Future family holiday ideas


Sometimes, when I get to thinking about what an awfully confusing parent I’d be, I invent new and befuddling family holidays to celebrate. The list is below, and they are licensed under a Creative Commons Attribution-NoDerivatives 4.0 International License. Yes, that means you absolutely can use them for profit.

Name: Vanquishing superstition day.
When: Held once a year, on a calendar date that is absolutely not astrologically significant in any way. Except that rule is scratched, because why not, and you can hold it whenever you like. Actually scratch that, you can only hold it on Friday 13th of a Leap Year.
What: It begins with the great ladder walk. 13 ladders are set up in a row, inside. Participants walk under the ladders, holding up opened umbrellas. They must walk through the ladder tunnel any number other than three times. To determine the number, participants roll a dice. If they roll a six—well, that’s beginner’s unluck—and the holiday abruptly ends. Other participants stand outside the ladders, spilling salt on the walkers. Only their open umbrellas protect them. After the ladder walking is concluded, participants must imagine horrible things, say “I hope that doesn’t happen”, and then try very hard not to touch anything wood. The final non-ritual is to smash a mirror with a hammer shaped like a three-leaf clover (made of three upside-down horseshoes). The participant wears a black-cat mask.
Predicted fun level: very high

Name: financially-prudent Santa Claus
When: 24th December
What: Every year, children are allocated a set budget that their parents are willing to spend on Christmas presents, say: $100 per child. Every year, the child must choose between getting Christmas presents now, or having the money invested in an index fund that will mature whenever the child wants, on the condition that it must be spent on a future Christmas present. If they choose the presents, $100 plus the previous years’ interest is spent on the presents. If they choose another deposit, $110 dollars is put into the fund.
Predicted fun level: Scrooge

Name: Sombrero day
When: that’s the point
What: This one is a long game. Every year, on a seemingly random day, the in-the-know members of the family wake up a child with streamers and music, wearing sombreros and looking suitably joyful. The members of the family must act as if they are very disappointed that the child has forgotten the yearly sombrero day. The choice of days must have an underlying patten. Provided that the child works out the pattern and prepares with their own sombrero, they receive the ability to set the next underlying pattern, and the item of head wear. Predicted fun level: uncertain, depends whether kids have very particular sense of humour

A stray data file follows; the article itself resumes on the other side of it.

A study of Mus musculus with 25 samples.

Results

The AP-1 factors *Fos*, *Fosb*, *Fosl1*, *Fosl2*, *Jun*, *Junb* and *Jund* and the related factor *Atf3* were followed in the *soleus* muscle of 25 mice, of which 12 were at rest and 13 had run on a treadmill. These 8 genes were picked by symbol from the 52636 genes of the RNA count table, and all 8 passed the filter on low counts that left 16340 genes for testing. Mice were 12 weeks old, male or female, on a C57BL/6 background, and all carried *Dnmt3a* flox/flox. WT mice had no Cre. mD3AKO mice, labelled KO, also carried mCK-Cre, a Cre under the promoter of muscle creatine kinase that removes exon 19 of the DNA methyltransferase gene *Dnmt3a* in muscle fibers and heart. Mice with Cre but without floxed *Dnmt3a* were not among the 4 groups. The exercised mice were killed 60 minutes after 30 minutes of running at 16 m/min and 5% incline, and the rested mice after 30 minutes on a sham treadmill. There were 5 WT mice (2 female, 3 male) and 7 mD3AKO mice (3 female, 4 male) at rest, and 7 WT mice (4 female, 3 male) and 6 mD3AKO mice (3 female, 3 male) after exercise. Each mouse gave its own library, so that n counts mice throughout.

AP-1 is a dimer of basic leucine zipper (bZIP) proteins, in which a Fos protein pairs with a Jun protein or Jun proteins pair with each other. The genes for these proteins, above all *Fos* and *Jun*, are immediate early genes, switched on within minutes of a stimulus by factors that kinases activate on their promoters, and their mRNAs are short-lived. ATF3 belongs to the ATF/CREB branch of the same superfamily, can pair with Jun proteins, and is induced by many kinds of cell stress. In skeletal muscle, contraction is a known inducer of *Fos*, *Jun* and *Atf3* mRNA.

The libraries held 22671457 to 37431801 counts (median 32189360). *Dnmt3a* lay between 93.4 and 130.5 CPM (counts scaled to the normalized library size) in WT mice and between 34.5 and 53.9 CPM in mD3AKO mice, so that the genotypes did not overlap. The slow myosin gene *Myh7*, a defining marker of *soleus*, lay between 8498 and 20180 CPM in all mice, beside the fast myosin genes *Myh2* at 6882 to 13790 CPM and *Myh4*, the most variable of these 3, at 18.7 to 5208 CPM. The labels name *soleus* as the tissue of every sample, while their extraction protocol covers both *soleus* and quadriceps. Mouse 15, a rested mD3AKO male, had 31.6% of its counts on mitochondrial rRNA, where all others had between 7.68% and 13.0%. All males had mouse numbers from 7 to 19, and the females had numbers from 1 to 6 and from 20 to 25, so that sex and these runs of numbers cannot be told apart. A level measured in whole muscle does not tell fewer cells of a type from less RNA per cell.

Name: Spin-the-wheel day
When: up to you
What: A rotary-style wheel of fortune is created, with, say, 20 possible slots. Children can submit things they would very much like to do, within the bounds of a reasonable budget and time-frame, like: “Our parents do our maths homework for us for a month.” However, they must also submit things they don’t want to do, like cleaning the dishes by hand for a month. For every additional good thing they add, they must add a bad thing. They can also add “neutral” things like: “nothing happens.” It’s up to the kids to decide how much they want to risk to get a return.

Name: Newcomb's horrible holiday
When: never, hopefully
What: There is a reliable predictor (the parent), a team of children, and two boxes designated A and B. The team of children must choose between taking only box B, or taking both boxes A and B. The children know the following:

  • Box A is clear, and always contains a visible single Christmas present.
  • Box B is opaque, and its content has been set by the parent.
    • If the parent thinks the children will take both boxes, then box B contains nothing
    • If the predictor has predicted that the player will take only box B, then the box contains ten Christmas presents

The children don’t know what the parent predicted, or what box B contains. The paradox, for those unfamiliar, is that in taking two boxes, you increase the likelihood (providing the parent is an infallible predctor) that the parent predicted you would take two, in which case you get only one present. If you take one, you increase the chances that the parent predicted you take only one, in which case Box B does contain ten presents, but you won’t get them. The optimum result is to take both boxes, providing the parent predicted you wouldn’t, in which case you get 11 Christmas presents.